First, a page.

FRANKFORT, Ky. (KT) – Both chambers of the Kentucky legislature adjourned late Monday night after Gov. Matt Bevin called the legislation into special session earlier in the afternoon to try and bring a fix to the state’s troubled public pension system.
Bevin made his surprise announcement around 4 p.m., telling lawmakers he wanted them at the Capitol by 8 p.m.
Lawmakers arrived in both chambers with some showing up later than others and both recessing several times through the night. The Senate barely made a quorum with 20 of 38 showing up, including no Democrats. The House had 72 of 100 representatives who came Monday night.
Two bills sponsored by Rep. Jerry Miller, R-Louisville, were introduced in the House after both chambers met behind closed doors.
The Senate will reconvene at 10 a.m. Tuesday and the House at 2 p.m. A House panel will also discuss the bill at 1 p.m.
Bevin’s decision came four days after the Kentucky Supreme Court struck down a controversial pension law that Bevin had signed in the spring. It was a bill that stirred up teachers, who protested with marches on the Capitol and threats to “remember in November” on election day.
However, Republicans maintained super majorities in both the House and Senate after the midterm elections.
Bevin can call lawmakers back to the Capitol, but he can't force them to vote. Lawmakers could adjourn the session and take no action.
“We have a legal and moral obligation to provide and deliver on the promises that have been made” to retirees, Bevin said. “The only chance we have of doing that is to change the system going forward.”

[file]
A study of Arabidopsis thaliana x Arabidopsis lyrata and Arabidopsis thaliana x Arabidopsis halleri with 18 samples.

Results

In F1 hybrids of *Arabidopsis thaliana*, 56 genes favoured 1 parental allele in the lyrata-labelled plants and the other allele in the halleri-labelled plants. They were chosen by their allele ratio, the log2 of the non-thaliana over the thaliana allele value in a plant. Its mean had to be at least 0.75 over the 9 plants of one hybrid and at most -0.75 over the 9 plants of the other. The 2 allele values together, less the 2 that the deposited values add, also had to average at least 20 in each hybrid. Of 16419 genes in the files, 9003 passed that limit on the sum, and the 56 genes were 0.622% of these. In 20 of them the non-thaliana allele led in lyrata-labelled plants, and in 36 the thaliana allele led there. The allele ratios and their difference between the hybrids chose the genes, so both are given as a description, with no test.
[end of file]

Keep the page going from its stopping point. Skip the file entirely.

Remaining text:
Kentucky has one of the worst-funded pension systems in the country and are at least $38 billion short of what is required to pay retirement benefits over the next 30 years, according to some reports.
House Minority Leader Rocky Adkins, D-Sandy Hook, said the governor’s actions were appalling.
“Neither I nor any member of the House Democratic Caucus was consulted or even given a courtesy call that this was happening and many of our members are unable to make it tonight,” Adkins said. “This is nothing more than a continued mockery of the legislative process and an attempt to silence the public. This is a sad day for the people of Kentucky.”
Bevin said the Supreme Court ruling could impact Kentucky’s credit rating and needed to be dealt with as quickly as possible. The 2019 regular session of the General Assembly starts Jan. 8.
House Speaker-Elect David Osborne, R-Prospect, said “our caucus stands willing and able to do the people’s business and lead on the critical issues facing Kentucky.”
It takes a minimum of five legislative days to pass a bill as three readings are required in each chamber. Although a third reading and final passage can be done early in the day in one chamber and then have first reading that afternoon in the other.
Daily cost of the session is between $60,000 and $65,000.